Retiring New Zealand referee Glen Jackson has come across a multitude of players in his decade-long officiating career, but nobody has been more memorable than All Blacks halfback Aaron Smith.


In a statement released by New Zealand Rugby, the 44-year-old said “the time is right” for him to move on, although he still hopes to be involved in rugby over the coming years.


Jackson made his first-class debut in the Heartland Championship, and made his Super Rugby debut just a matter of months later in 2011.


However, it’s during his time in Super Rugby where Jackson would have encountered Smith while playing for the Highlanders, where his competitiveness was clear to see for the outgoing referee.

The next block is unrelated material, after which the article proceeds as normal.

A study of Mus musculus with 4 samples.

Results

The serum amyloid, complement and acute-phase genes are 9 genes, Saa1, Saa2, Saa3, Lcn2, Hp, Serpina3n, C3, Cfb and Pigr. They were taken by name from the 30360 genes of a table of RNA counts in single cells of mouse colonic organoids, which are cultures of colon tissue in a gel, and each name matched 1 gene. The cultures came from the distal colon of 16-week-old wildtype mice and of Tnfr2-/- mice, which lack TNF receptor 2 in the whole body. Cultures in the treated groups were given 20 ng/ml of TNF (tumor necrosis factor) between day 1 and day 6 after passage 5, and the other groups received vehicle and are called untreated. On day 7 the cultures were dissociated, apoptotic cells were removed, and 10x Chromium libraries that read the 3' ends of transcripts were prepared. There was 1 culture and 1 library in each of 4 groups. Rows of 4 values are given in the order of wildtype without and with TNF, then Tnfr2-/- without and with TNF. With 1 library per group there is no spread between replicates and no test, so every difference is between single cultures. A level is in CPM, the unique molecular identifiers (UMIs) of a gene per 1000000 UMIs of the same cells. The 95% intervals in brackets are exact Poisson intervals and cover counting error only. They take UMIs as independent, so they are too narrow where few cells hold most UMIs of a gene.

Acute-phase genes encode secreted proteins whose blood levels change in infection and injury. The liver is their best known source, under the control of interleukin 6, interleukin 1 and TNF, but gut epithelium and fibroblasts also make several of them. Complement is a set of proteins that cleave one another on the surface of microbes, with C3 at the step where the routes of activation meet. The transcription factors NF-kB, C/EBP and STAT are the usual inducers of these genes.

“I always enjoyed reffing Aaron Smith,” Jackson told Stuff.


As a former player, Jackson believed his own experiences helped him with players as chirpy as Smith, which he said wasn’t an uncommon trait for a halfback.

“The beauty of being a player, you learn they’re not the best referees,” he said.

“You realise it’s in the heat of the moment, how competitive he is, and he’d always come up pretty quick afterwards to say he probably went too far there. But I enjoyed his banter and how he played the game.”

On the flip side, Jackson also knew to acknowledge where he had made a mistake with whistle in hand, which is an attribute he believed he garnered during his playing days.

“As a referee, you’re always going to make a mistake and it’s never that bad to say ‘sorry, boys, I clearly made a mistake there’.”

Jackson will stay on board with New Zealand Rugby as mentor for younger officials until March, and will travel to South Africa this weekend for a SANZAAR referee camp.

It isn’t known what his next career step will be, but after 25 years of distinguished involvement as a player and referee, another role within the rugby fraternity seems imminent.